I lived in Vancouver, WA and worked in Portland, OR for 14 years and had never experienced central Oregon. I was too busy exploring the Willamette Valley when one day my husband said to me “We should move to Bend!” After the shock had worn off and I had processed what he said, I was intrigued that my Vancouver born and bred husband wanted to move 200 miles away. I was a military brat as a child so moving wasn’t a scary idea to me. However, the only memory I had of Bend was 7 years earlier when my husband was miserably sick and I tried out snowboarding for the first time which meant I spent most of the day falling on my bottom and was very sore the next day. Thus, I had a very hard time being on board with the idea of moving.
Then, in January, my husband surprised me with a snow shoeing adventure from Wanderlust Tours. Snow shoeing
had been on my list of adventures I really wanted to do so I was extremely excited to go! Upon closer examination of my gift I noticed that Wanderlust Tours is in Bend, OR. Not only was I getting an adventure but we were going to
get the opportunity to explore Bend again! A few weeks went by and we hopped in the car and began our journey over Mt. Hood to Bend. There’s a moment of stark delineation between rain forest and high desert as you exit the Mt. Hood National Forest that’s jarring in an awe-inspiring way. We traveled from a mountainous, vibrant green, and dense forest under cloud cover into a sunny, cloudless, flat desert with actual tumbleweeds crossing the interstate. At this point, I was not convinced that moving was a good idea. However, as we got closer and closer to Bend the scenery began to change again. Buttes appeared in the distance, Smith Rock with its infamous Monkey Face ridge in the east and ponderosa pine trees peppered the view.
A sense of wonder and rugged adventure filled me as we pulled into the parking lot of Wanderlust Tours. We were greeted by friendly staff who helped us get fitted for snow shoes and had the opportunity to meander around the premises as we waited for the rest of our tour mates. When I asked if there was a water fountain to top off my water bottle, I was told that “Bend’s tap water is safe to drink.” I was skeptical of this statement but chose to fill my water bottle anyway and save a trip to the store (side note: I later found out that the statement is true and is actually one of the many things Bend takes pride in. It could also be the reason why the beer is so good). Once all our tour mates arrived, we piled into a van and made our way to Mt. Bachelor. Along the way the tour guide gave us lots of information about Bend, Mt. Bachelor, the local wildlife, etc. but I was distracted by the natural beauty of the route between Bend and Mt. Bachelor. The snow-covered hills and trees were so serene and unlike Mt. Hood, which you can see for miles as you approach, Mt. Bachelor is tucked behind a corner that makes the first vision of it spectacular. As you’re driving along you sense the rise in elevation but you don’t actually see Mt. Bachelor until you turn a corner and there he is in all his splendor. I remember saying to my husband “It looks like a post card!” It was at this point that I began to question if we could really live here. Could we make this our reality?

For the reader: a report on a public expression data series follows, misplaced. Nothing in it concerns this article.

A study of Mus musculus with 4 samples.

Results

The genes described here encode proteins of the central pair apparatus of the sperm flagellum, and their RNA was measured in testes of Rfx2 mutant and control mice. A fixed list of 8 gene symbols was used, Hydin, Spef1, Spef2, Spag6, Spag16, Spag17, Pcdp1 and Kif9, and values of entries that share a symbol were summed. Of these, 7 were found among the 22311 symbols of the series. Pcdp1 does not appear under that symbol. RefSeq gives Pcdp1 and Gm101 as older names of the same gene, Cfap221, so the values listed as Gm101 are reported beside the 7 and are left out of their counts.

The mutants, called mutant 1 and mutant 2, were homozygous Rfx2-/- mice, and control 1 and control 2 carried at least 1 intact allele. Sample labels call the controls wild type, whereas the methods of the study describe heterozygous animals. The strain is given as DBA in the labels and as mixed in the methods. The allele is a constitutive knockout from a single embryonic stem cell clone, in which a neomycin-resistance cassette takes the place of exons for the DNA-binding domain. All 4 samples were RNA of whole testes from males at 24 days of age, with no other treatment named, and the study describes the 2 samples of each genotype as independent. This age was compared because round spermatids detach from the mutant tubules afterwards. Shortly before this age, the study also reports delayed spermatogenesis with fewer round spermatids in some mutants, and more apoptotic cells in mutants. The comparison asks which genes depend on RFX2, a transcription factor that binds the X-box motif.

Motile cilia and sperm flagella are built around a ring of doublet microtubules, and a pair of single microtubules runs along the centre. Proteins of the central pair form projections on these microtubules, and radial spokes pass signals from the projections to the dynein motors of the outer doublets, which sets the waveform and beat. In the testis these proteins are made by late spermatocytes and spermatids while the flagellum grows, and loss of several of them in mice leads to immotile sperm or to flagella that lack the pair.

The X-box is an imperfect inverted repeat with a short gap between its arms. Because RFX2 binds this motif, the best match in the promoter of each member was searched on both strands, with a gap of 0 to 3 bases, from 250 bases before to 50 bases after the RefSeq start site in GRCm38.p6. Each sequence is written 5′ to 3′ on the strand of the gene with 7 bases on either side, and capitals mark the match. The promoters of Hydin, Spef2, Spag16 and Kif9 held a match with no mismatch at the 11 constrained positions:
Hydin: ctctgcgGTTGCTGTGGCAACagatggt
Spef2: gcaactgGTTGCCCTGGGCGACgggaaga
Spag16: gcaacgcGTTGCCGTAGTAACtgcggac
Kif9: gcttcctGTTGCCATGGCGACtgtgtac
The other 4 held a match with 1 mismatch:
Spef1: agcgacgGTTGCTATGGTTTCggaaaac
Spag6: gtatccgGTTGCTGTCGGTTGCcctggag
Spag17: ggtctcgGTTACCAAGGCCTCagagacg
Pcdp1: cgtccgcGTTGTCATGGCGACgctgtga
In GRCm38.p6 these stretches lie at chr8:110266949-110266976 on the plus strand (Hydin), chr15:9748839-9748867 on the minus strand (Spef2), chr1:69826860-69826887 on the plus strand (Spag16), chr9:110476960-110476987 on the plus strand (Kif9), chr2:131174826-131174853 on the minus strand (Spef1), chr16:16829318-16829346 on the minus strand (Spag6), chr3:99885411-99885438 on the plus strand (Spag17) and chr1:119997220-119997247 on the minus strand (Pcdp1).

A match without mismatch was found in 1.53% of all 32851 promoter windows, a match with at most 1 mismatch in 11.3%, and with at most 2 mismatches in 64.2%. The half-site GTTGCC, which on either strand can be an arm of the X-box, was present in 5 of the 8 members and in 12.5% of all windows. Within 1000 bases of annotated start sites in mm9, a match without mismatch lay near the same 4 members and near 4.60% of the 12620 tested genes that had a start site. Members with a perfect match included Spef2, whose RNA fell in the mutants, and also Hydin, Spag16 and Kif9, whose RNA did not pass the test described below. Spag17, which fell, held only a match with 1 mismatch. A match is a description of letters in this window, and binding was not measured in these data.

Our tour guide pulled into the parking lot and gave us safety instructions then our tour began. At first we moved like a search and rescue team, all spread out in a wide line but soon formed a single file as we realized that walking through the snow is much easier if you follow in someone else’s footsteps, namely our guide’s. He seemed unaffected by the elevation and snow pack and simply walk through the woods. If you’ve never done it, snowshoeing feels very similar to walking in the sand with the added bonus of never knowing how far deep in the snow your steps will plunge you. One minute your upright, next minute you’re trying not to do the splits. Soon we came to a clearing where the “brews and views” part of our “Shoes, Brews and Views” tour began. We got to know our tour mates a little better and enjoyed some local brews together in the middle of the Deschutes National Forest. On the way back from snowshoeing we talked with the tour guide about what it’s like to live in Bend and Central Oregon. From that conversation we could see the pure love he had for Bend and were a bit envious but also excited that we were actually considering moving.
The next day, we woke up to another beautiful sunny day with crisp mountain air that felt so cleansing to inhale. This was a real treat since it was February and we were used to clouds and rain in the valley. On this day we decide to explore Bend a bit and went on a walk-about in the Old Mill district, Drake Park, Mirror Pond and traveled east to Brasada Ranch. This was the day I fell in love with Bend and Central Oregon.
For those of you that are wondering why we’d travel 20 miles east of Bend to Brasada Ranch, I’d like to say: “Excellent Question!” which I’ll answer for you now. On the second day of our trip my husband let me know that we were not only exploring Bend but also Brasada Ranch that day. Being the go-with-the-flow kind of gal I am, I said “Sounds good to me! But why?” to which he responded with “I have a job interview.” He got the job, I got one a month later and within two months, we became Bendites. It’s been 5 years since that day and we’ve never looked back. So, if you live elsewhere and you take a Wanderlust Tour while in Central Oregon be prepared to put your house on the market and move here. If you do move here call me and we’ll share a brew, views, and snow shoes. P.S. All Village Properties guests get a 10% discount on tours with Wanderlust Tours!